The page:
Rainbow Stag BeetleScientific Name Phalacrognathus muelleri               

Conservation Status This species has not yet been assessed for the International Union for the Conservation of Nature (IUCN) red list.


The rainbow stag beetle is brightly coloured with a metallic looking back which is coloured with greens, blues and reds. Their mandible and legs are coloured black. They have six legs.

Young are a larva with a segmented body which is white and have a facial patch which is orange.

Males are larger than females. The male measures between 24 and 70mm (0.9-2.8in) while female’s measure 23 to 46mm (0.9 to 1.8in). A range of factors during the development of the larvae lead to the large variation in size. The larger beetles have larger mandibles making them better at fending off other males.


Rainbow stag beetles live for up to 18 months.


The rainbow stag beetle is a herbivore. They feed upon decaying wood as both adults and larvae. As adults they supplement their diet with fruit, sap and nectar.


Australia is the native home of the rainbow stag beetle. Here they are found solely in the rainforests and sclerophyll forests of north-eastern Queensland.


This species can breed throughout the year. A female stag beetle is capable of laying up to 50 eggs which are laid singly. These are laid into rotting wood and hatch after 10 to 14 days. Across this period the egg doubles from the orginal size and the larvae becomes visible.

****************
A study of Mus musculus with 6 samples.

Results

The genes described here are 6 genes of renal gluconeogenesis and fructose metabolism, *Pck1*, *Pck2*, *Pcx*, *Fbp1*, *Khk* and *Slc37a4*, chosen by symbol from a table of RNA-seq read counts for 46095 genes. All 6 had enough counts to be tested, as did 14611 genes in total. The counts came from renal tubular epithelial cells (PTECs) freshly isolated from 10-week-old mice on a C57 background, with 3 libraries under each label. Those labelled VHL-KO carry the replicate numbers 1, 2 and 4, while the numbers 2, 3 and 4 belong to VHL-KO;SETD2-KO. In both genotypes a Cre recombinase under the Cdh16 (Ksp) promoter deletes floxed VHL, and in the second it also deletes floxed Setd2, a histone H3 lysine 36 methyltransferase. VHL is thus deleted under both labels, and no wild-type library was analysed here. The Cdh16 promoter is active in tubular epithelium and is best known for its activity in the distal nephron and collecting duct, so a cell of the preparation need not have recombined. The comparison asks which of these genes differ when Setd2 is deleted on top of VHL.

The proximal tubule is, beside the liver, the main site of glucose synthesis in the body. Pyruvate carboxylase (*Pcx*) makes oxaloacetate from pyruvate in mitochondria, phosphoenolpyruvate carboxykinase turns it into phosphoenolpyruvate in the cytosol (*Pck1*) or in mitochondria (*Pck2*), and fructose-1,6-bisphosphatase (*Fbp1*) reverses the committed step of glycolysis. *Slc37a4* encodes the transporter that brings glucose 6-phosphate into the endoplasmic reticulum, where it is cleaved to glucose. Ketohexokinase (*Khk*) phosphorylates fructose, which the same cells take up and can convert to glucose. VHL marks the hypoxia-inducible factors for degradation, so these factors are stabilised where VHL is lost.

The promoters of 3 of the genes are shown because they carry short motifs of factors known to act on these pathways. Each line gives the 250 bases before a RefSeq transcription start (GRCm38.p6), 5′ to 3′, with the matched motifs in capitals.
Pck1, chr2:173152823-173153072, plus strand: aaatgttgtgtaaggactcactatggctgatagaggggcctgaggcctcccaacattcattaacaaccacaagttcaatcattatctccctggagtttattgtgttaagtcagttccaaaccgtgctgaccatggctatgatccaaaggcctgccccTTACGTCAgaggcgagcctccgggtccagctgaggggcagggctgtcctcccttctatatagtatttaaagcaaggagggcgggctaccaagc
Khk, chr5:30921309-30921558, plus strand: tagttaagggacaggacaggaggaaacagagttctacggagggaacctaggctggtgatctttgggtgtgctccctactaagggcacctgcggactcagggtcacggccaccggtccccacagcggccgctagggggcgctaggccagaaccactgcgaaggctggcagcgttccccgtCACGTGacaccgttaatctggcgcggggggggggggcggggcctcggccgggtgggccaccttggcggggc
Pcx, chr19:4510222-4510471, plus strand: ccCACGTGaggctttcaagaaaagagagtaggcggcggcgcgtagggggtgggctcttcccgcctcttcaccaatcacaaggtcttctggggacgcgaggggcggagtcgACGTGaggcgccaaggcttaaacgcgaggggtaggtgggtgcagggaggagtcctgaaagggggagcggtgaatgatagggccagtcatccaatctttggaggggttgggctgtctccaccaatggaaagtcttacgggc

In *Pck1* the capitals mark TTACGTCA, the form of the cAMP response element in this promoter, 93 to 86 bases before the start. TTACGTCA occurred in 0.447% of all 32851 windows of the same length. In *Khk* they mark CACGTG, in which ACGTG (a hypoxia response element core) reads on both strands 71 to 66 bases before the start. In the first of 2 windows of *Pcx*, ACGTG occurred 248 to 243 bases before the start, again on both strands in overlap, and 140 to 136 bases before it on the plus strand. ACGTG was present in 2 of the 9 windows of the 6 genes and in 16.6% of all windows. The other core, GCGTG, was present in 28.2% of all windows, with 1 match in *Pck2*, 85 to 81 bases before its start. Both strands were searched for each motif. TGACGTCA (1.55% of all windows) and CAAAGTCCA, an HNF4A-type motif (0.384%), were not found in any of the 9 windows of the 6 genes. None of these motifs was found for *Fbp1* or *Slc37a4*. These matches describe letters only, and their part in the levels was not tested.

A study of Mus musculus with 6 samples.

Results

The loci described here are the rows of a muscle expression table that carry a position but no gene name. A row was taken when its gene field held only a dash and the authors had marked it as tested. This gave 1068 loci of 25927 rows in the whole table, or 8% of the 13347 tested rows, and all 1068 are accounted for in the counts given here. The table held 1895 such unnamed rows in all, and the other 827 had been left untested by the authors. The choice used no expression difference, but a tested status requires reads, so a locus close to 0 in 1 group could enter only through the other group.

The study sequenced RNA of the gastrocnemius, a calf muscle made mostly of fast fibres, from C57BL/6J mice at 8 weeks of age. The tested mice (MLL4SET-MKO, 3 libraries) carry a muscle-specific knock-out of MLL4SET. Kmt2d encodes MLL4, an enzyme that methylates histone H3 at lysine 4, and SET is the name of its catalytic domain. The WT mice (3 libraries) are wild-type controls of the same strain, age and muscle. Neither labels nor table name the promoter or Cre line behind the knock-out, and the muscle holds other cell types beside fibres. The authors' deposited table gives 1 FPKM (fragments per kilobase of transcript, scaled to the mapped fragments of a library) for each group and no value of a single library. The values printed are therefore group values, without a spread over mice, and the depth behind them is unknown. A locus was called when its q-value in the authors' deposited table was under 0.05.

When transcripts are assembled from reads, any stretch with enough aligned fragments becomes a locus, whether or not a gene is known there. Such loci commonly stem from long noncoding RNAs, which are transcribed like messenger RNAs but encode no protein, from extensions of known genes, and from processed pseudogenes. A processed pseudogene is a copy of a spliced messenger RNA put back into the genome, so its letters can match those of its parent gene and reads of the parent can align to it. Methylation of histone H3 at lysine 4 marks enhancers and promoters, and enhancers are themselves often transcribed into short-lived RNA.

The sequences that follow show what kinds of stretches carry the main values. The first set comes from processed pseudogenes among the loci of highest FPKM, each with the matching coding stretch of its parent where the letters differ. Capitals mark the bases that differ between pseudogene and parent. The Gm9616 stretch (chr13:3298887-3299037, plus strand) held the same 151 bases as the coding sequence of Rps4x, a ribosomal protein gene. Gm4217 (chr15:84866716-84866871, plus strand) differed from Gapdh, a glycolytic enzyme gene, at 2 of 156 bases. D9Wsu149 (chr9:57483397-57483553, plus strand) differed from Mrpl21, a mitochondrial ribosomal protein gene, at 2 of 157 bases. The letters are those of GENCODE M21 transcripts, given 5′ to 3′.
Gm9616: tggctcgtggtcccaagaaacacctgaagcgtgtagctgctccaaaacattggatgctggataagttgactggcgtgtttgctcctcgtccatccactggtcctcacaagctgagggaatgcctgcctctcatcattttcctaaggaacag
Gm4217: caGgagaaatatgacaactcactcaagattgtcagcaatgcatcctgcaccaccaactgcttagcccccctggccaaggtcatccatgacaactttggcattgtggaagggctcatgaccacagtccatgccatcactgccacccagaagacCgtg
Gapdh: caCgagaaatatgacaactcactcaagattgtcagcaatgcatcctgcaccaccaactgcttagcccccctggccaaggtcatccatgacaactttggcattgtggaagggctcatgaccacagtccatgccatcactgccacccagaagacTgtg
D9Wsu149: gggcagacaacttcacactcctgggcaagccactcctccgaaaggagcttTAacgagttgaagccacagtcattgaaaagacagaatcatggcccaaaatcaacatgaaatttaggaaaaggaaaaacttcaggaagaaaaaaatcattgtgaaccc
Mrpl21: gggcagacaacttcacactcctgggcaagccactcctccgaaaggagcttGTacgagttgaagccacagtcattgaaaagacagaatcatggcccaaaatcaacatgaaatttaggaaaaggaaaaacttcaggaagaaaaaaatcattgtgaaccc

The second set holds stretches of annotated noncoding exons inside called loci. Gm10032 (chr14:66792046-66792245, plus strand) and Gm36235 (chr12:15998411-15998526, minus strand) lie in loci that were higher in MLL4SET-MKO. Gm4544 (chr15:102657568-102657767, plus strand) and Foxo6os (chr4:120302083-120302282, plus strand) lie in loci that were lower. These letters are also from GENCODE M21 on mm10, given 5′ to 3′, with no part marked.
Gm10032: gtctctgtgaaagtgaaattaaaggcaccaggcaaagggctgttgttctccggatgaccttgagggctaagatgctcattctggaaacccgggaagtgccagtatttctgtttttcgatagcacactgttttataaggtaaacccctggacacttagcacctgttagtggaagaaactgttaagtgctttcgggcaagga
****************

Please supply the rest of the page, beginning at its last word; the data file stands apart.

The rainbow stag beetle spends 2 months as a larva feeding upon the wood in which they were born. They moult three times as a larva before becoming an adult by pupating.

The pupation takes place in a pupal cell which they build over a week. The pupa spends their time developing before emerging by breaking out of the pupal cell using their mandibles. When they emerge their wings are soft and white which take a week to colour up.

From day one they are independent.

It takes four months for the adult to be sexually mature.


This species is able to fly and it is when they do this that they are most often spotted.

Quick facts

The mulleri portion of the scientific name was given to this species by Sir William Macleay who discovered it in honour of Baron Ferdinand von muller who was a botanist with the Victorian government.

Rainbow stag beetles are also known as the magnificent, Mueller’s or king stag beetle.

The rainbow stag beetle is a popular pet both in Australia and oversea’s especially in Japan.